Mortgage rates inched up this week, averaging 3.46 percent for a 30-year, fixed-rate loan, up from 3.43 percent last week. Last year at this time, rates were 3.89 percent, according to Freddie Mac .
While mortgage rates are very likely to stay low in the near and medium term, there was some drama with the Federal Reserve last week.
At the Jackson Hole Economic Symposium, Fed Chair Janet Yellen stated that the economy was doing well enough that they could raise the short-term borrowing rate, which in turn could trickle down and affect the mortgage rate.
Then, Fed Vice Chair Stanley Fischer went on CNBC and said he foresaw possibly two rate hikes this year. Next, a pair of Federal Reserve bank presidents, in a direct contradiction of Fischer, told the Wall Street Journal they doubt there will be two rate hikes.
With all this talk, the treasury markets were a-jangle . Analysts were frustrated about the Fed’s mixed signals and there were reminders that should there be any economic headwind, a potential hike would go out the window.
What Does It All Mean?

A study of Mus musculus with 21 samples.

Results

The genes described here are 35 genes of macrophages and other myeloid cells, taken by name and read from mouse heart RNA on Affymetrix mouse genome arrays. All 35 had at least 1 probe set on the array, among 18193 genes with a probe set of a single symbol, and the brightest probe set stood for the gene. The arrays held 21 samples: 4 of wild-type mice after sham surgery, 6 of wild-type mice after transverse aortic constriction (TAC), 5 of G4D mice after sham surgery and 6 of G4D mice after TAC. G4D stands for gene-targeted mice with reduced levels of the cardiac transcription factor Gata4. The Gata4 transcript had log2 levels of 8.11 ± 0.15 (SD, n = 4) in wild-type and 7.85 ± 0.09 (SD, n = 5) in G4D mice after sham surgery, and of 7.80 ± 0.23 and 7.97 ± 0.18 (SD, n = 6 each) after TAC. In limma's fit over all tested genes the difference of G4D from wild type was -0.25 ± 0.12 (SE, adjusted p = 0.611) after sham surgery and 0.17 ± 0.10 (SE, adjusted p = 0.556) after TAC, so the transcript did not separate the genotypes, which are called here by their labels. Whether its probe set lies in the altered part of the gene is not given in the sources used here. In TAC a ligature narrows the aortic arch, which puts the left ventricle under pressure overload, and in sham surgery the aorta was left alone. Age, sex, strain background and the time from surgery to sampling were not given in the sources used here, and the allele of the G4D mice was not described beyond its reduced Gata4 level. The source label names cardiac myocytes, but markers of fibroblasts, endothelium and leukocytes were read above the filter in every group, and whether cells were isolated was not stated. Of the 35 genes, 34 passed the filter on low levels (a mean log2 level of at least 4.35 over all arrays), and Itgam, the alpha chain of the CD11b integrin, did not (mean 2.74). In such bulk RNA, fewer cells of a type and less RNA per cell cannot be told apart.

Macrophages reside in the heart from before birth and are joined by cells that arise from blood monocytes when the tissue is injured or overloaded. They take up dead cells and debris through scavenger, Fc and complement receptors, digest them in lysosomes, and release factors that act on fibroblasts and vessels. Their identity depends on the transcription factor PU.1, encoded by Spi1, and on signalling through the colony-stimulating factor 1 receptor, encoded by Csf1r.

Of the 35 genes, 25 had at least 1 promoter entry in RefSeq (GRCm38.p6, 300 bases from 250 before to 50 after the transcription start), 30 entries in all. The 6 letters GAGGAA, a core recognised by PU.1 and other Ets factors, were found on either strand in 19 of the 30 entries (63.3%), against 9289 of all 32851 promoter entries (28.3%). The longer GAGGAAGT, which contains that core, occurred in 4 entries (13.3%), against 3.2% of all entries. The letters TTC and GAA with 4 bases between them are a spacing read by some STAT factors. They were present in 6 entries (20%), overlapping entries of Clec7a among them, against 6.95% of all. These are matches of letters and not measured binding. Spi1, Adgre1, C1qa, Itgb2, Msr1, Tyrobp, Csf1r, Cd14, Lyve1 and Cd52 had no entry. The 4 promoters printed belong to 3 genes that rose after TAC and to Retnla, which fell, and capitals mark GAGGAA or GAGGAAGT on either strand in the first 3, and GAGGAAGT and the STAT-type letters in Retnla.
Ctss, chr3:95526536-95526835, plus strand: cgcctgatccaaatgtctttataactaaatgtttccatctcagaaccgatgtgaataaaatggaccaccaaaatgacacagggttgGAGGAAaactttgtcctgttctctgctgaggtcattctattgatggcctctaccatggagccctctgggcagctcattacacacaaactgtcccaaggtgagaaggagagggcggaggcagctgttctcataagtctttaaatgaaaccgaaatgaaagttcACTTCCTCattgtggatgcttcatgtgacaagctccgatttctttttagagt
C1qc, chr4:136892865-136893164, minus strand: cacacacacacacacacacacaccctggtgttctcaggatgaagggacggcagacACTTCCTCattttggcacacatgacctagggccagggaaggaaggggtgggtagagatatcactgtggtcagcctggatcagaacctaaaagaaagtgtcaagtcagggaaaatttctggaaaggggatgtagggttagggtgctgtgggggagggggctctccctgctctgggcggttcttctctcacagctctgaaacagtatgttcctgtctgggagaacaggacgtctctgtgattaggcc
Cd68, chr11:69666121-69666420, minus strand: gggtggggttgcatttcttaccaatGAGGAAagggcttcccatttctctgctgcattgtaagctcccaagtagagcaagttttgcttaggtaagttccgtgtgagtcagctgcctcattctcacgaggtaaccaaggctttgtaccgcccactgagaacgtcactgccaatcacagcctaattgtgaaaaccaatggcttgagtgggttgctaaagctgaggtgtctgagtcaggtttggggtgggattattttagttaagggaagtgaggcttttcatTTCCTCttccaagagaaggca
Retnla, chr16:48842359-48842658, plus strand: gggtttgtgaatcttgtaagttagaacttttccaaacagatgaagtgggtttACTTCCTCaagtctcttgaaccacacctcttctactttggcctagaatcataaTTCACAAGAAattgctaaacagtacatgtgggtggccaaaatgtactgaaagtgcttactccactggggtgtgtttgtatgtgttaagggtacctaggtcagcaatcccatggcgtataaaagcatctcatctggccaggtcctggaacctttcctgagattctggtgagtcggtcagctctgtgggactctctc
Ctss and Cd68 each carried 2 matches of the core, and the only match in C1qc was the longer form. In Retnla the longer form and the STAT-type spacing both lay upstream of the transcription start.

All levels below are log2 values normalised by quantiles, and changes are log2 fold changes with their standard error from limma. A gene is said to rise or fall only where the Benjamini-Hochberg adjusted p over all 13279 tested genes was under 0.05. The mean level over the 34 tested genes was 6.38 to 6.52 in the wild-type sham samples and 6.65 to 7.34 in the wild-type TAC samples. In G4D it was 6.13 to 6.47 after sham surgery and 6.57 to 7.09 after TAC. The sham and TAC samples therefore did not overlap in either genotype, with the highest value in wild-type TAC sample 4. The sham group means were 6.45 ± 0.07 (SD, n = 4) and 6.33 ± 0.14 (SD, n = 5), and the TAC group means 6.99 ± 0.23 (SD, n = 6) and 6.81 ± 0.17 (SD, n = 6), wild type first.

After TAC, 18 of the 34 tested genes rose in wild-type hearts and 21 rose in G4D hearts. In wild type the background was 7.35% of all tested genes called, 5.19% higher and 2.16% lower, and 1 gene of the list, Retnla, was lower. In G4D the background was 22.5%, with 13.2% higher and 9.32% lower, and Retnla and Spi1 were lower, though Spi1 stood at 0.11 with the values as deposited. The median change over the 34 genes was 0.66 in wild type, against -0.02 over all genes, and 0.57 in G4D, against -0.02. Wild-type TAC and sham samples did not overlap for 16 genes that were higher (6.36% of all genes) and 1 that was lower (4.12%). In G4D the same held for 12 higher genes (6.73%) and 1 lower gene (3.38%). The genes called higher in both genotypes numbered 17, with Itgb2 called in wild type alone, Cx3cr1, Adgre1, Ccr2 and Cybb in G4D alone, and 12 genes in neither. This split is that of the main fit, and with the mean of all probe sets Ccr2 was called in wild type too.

“The problem with Fed policy is that it’s trying too hard with too little,” said Redfin chief economist Nela Richardson. “Monetary policy was designed to have a strategic, light touch. Normally, the White House and Congress collaborate on fiscal policy, but with a chronic case of political dysfunction in Washington, the Fed has been and continues to be the only game in town when it comes to growing the economy.
“For that reason the Fed can’t return to normal. It can’t be clear on its actions. It can only telegraph a hyper near-term outlook that can be shaken by the first sign of trouble, either domestic or global,” said Richardson.
That’s why all this talk of a rate increase hinges on a series of recent or soon-to-come reports. The Consumer Confidence report on Tuesday showed positive news: consumers were as confident as they’ve been in 11 months. Next up is the jobs report tomorrow: Will the report indicate good economic news?
If it feels like economists are looking for signs in tea leaves, that’s because the other player in this drama isn’t giving clear direction.
“The upshot for homebuyers is that rates will be low and stay low until we see action from the Federal government to stimulate growth. Action from the Federal Reserve, like a rate hike, is supposed to be used to slow down an overheated economy, not stimulate a sluggish one like we have now,” said Richardson.